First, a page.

Tension is mounting at the Ghana Broadcasting Corporation (GBC) following allegations of financial impropriety and other bad practices made by the union against the board which threaten the viability of the state broadcaster.
The staffof GBC have expressed their lack of confidence in some board members and are, therefore, demanding their removal.
The atmosphere at the premises of the state broadcaster was charged last week when the employees were clad in red arm bands to signal how discontented they were with the performance of the board.
At the main gate of the GBC has been displayed a red cloth with the inscription “No Director of TV licence, BoD Chairman, Don’t collapse GBC, BoD Chairman, Go”. The precincts of the GBC was also inundated with red pieces of cloth tied to trees.
In a petition to the National Media Commission (NMC), the GBC union singled out the Chairman of the GBC Board, Mr Richard Kwame Asante, and Professor Linus Abraham, a member, saying they had lost confidence in them.
According to the petition, the staff contended that Prof. Abraham’s declaration at a staff durbar in February this year that allowances for employees of GBC were bloated, was unfortunate and almost resulted in the picketing of staff at the broadcasting house.
It accused Prof. Abraham of making a statement to the effect that GBC would collapse, which the union found strange to have come from a board member.
The union expressed anger at the decision by GBC to terminate a media sports contract with a French media company which resulted in GBC paying a penalty of $50,000 when the corporation lacked the needed logistics for employees to work with.
The workers are demanding a response from the board in that regard, especially an action to forestall a future dissipation of the corporation’s resources.
The union also questioned what was accounting for the delay in declaring the proceeds from the collaboration between the GBC and Metropolitan Television (METRO TV) for the coverage of the 2014 FIFA World Cup and the AFCON 2015.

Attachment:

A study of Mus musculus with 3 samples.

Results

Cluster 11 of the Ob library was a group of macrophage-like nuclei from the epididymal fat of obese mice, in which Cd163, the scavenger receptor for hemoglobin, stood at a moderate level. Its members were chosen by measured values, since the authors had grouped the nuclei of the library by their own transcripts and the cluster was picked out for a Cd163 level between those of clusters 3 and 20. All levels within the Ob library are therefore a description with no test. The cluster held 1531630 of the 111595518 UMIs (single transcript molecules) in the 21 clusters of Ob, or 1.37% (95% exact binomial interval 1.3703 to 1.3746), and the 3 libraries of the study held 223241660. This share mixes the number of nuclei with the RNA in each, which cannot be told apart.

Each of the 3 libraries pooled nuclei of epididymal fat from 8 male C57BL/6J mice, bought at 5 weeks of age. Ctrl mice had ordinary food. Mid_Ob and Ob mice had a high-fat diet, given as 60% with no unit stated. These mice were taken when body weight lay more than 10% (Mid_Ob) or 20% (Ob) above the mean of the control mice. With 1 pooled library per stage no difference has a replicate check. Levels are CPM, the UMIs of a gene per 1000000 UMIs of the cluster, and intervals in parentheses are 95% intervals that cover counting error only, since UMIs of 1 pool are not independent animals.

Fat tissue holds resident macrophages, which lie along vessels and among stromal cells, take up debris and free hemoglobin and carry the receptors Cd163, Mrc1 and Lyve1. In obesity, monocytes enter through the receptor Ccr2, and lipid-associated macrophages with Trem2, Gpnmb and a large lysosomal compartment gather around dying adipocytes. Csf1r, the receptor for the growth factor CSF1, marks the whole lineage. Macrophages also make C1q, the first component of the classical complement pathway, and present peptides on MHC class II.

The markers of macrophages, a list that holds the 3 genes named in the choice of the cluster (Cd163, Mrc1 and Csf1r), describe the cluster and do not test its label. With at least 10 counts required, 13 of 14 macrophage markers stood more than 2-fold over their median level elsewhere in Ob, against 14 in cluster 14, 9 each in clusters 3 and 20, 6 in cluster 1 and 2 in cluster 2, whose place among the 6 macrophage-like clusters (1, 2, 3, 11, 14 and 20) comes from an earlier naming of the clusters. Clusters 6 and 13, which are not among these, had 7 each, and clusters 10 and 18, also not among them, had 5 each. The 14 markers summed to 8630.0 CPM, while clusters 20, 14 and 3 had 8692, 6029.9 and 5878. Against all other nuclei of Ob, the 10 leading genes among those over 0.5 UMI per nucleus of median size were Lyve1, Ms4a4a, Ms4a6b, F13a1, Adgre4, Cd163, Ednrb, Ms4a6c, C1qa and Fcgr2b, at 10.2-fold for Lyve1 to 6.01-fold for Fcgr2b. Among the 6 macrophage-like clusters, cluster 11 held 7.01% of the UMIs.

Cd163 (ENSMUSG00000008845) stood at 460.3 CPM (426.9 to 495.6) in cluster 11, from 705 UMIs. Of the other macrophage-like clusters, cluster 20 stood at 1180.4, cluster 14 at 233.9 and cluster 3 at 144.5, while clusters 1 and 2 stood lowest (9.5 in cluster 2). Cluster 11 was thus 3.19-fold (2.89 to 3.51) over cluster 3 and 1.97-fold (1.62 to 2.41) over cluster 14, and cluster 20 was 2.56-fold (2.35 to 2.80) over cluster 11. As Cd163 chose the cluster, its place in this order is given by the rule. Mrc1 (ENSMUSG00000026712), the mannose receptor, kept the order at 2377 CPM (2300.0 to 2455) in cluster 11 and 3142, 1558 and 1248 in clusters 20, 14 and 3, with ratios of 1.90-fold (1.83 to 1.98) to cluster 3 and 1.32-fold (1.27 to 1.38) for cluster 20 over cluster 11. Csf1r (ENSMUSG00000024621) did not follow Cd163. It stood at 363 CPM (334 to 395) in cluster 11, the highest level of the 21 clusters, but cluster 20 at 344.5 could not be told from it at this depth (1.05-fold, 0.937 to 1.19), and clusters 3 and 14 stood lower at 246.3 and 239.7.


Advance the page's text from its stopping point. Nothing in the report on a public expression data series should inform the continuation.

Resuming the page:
“This has become a source of worry for GBC staff because such events are a main source of internally generated funds (IGF). We cannot comprehend why transactions in 2014 and 2015 are still inconclusive,” the union said in their petition to the NMC.
The union further raised the issue about GH¢69, 866 paid to Shawbell Consulting in February 2016 for drafting a five- year development plan for GBC but evidence of a complete document to that effect was non-existent.
It recalled a retreat in Koforidua in October 2015 with the board and management where the consulting firm made a presentation after which it was asked to go back and to draw the plan again but five months down the line nothing had been heard about it.
The union also accused the management of misapplying the IGF of the GBC, saying that instead of channelling the resources into retooling the organisation, “management rather deemed it fit to purchase five SUV vehicles for directors.”
According to the union, the GBC board had resorted to recruiting top management personnel who were paid from the IGF which is was violation of a directive issued by the Finance Ministry warning against such practices in ministries, departments and agencies.
The union alluded to the plans by the GBC to employ a director in charge of TV licence ignoring an earlier caution from the union. They argued that the collection of TV licence had always remained part of the responsibilities of the finance division of the corporation.
On the construction of a Digital Terrestrial Transmission (DTT) by the government to facilitate migration from analogue broadcasting to digital television broadcasting, the union questioned why there were attempts to contract a private firm, K-NET, to manage and operate that platform when GBC was in the position to provide transmission service.
“This we find very worrying. Our transmission unit has been involved in planning and implementing many large-scale transmission projects,” the union stated.
Sources at the GBC told the Daily Graphic that the corporation was capable of running the transmission service and asked the Ministry of Communications to ensure that K-NET restricted itself to the business of supply and installation.